Breakin' on the Jimmy Ridge (featured track)
Larry Cordle (615) 830-4765
7. Breakin’ On The Jimmy Ridge
Songwriter(s): Larry Cordle/Larry Shell
Publisher(s): Wandachord Music, BMI
Not Her Money Music, BMI
The guy in the song, Raleigh Butler, ran an old country store in Blaine, Kentucky. Everyone, and I do mean everyone, called him Rawl. It was just as if it were too much effort to use his whole name. Over the years I have found out that folks, especially in Appalachia, tend to make up their own names, by the first sound that they hear.
When I was a kid many old men in and around the community where I was from, were practicing, amateur weathermen. They could predict the weather by the signs they observed. A black woolly worm meant a really cold winter. The same for a hornet's nest built low to the ground ... a sure sign of a bad winter. A ring around the moon was a sure sign of falling weather.
One constant, that any of these amateur weathermen used was, when storm systems came from the northwest and if the system hung together crossing the ridge line known as 'the Jimmy Ridge', it meant we were gonna get rained on. However, many of these systems did indeed break apart when crossing the ridge line, hence the saying, she's breakin' on the Jimmy Ridge. There was likely a scientific explanation for this, but the old-timers knew what they saw and had seen time and time again, so it became a regular topic when storms clouds arose from that direction. Of course, any time weather systems came from the south, well.... even a rank amateur weatherman could predict that we were gonna get a frog strangler.”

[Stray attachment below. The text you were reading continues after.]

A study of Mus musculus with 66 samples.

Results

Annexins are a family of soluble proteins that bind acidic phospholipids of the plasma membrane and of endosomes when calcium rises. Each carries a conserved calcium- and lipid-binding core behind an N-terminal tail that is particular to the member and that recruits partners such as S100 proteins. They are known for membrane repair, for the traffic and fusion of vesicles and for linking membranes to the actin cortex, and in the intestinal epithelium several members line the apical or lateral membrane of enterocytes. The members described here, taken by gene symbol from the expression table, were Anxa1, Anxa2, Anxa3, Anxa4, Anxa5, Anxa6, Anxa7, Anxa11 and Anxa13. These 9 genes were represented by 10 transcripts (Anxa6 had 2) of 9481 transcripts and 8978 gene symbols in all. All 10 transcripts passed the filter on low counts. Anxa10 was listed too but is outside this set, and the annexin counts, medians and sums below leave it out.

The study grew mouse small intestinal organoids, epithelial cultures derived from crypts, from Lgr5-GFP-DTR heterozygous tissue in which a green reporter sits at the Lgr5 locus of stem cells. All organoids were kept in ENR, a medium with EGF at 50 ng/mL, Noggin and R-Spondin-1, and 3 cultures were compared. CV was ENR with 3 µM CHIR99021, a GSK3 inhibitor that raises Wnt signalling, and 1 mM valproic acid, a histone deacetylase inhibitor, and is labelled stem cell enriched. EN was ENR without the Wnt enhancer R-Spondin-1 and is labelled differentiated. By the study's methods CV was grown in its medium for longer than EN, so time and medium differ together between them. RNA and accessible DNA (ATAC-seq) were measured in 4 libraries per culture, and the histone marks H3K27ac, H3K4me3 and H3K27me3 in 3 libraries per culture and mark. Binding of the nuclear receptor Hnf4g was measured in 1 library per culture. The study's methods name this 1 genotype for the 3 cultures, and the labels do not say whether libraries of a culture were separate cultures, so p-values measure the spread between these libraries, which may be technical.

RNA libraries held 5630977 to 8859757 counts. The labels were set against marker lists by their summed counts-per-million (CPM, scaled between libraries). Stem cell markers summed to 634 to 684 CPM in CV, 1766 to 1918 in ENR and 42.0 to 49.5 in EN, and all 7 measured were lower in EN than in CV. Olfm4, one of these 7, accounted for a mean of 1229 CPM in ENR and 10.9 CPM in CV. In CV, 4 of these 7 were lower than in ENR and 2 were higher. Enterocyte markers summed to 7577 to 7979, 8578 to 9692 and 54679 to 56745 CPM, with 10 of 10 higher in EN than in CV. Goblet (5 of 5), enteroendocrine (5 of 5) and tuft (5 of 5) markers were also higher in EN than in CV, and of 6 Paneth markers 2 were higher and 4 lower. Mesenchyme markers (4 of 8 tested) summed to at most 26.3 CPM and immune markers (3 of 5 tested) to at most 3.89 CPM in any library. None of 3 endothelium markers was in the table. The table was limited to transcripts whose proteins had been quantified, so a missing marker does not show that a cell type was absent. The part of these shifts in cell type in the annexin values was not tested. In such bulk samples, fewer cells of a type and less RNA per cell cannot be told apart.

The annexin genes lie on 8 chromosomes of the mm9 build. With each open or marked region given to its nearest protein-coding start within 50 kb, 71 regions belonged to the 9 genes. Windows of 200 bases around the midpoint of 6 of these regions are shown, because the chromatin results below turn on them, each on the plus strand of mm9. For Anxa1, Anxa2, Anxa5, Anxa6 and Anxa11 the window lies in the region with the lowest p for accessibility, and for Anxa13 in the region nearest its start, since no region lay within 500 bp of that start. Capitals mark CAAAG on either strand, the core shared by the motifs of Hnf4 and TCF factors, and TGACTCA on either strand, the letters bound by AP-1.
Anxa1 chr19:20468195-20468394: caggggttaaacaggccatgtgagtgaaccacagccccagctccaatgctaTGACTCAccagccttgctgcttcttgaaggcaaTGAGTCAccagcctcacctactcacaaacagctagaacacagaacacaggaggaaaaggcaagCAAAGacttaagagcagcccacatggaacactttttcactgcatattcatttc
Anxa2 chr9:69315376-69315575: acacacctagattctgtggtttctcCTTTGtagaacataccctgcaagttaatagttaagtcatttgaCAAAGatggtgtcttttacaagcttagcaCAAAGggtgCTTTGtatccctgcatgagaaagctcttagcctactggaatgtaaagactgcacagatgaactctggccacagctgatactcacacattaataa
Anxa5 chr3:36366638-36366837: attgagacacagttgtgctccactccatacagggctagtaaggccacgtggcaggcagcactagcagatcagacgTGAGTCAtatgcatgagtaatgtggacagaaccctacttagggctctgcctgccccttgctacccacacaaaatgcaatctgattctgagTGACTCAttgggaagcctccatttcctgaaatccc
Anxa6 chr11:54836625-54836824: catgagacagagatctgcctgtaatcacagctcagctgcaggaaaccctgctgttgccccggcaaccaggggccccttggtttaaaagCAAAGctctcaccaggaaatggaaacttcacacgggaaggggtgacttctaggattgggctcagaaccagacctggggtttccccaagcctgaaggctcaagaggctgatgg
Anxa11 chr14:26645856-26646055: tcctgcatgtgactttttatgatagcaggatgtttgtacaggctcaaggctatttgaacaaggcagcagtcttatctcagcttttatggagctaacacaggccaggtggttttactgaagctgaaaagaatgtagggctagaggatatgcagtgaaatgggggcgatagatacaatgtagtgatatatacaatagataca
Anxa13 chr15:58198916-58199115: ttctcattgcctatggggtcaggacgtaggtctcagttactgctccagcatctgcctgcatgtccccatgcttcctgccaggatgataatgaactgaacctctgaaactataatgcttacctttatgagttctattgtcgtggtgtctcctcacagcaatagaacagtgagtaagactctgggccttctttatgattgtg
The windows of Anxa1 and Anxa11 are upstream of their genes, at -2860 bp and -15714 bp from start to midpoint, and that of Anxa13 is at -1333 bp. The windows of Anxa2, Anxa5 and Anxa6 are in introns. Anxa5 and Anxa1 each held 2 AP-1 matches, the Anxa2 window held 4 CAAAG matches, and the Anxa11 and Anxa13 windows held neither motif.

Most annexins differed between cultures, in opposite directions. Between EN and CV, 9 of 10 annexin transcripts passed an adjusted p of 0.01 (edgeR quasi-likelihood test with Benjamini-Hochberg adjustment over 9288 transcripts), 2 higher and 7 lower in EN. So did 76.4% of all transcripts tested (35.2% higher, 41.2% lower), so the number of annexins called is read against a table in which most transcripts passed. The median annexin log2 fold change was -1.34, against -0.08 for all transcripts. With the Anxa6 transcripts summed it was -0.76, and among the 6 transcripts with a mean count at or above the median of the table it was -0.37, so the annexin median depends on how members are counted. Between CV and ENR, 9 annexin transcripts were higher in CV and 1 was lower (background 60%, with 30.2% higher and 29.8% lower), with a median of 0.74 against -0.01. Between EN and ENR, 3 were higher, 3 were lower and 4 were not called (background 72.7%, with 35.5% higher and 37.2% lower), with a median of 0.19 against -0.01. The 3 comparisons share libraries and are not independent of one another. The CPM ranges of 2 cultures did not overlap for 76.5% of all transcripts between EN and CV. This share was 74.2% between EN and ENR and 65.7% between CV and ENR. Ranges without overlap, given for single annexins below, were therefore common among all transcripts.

Just remembering these old sayings and recollections are what I used as a basis for the song. Most people won't know what the Jimmy Ridge is but folks from my neck of the woods will. Everyone still alive for miles in and around Lawrence County, Kentucky from the 1960s will remember Rawl Butler and Butler's General Store in Blaine, Kentucky. Other Appalachians who did not know Rawl, will plug in their own name there because amateur weathermen still abound in the Appalachian Mountains.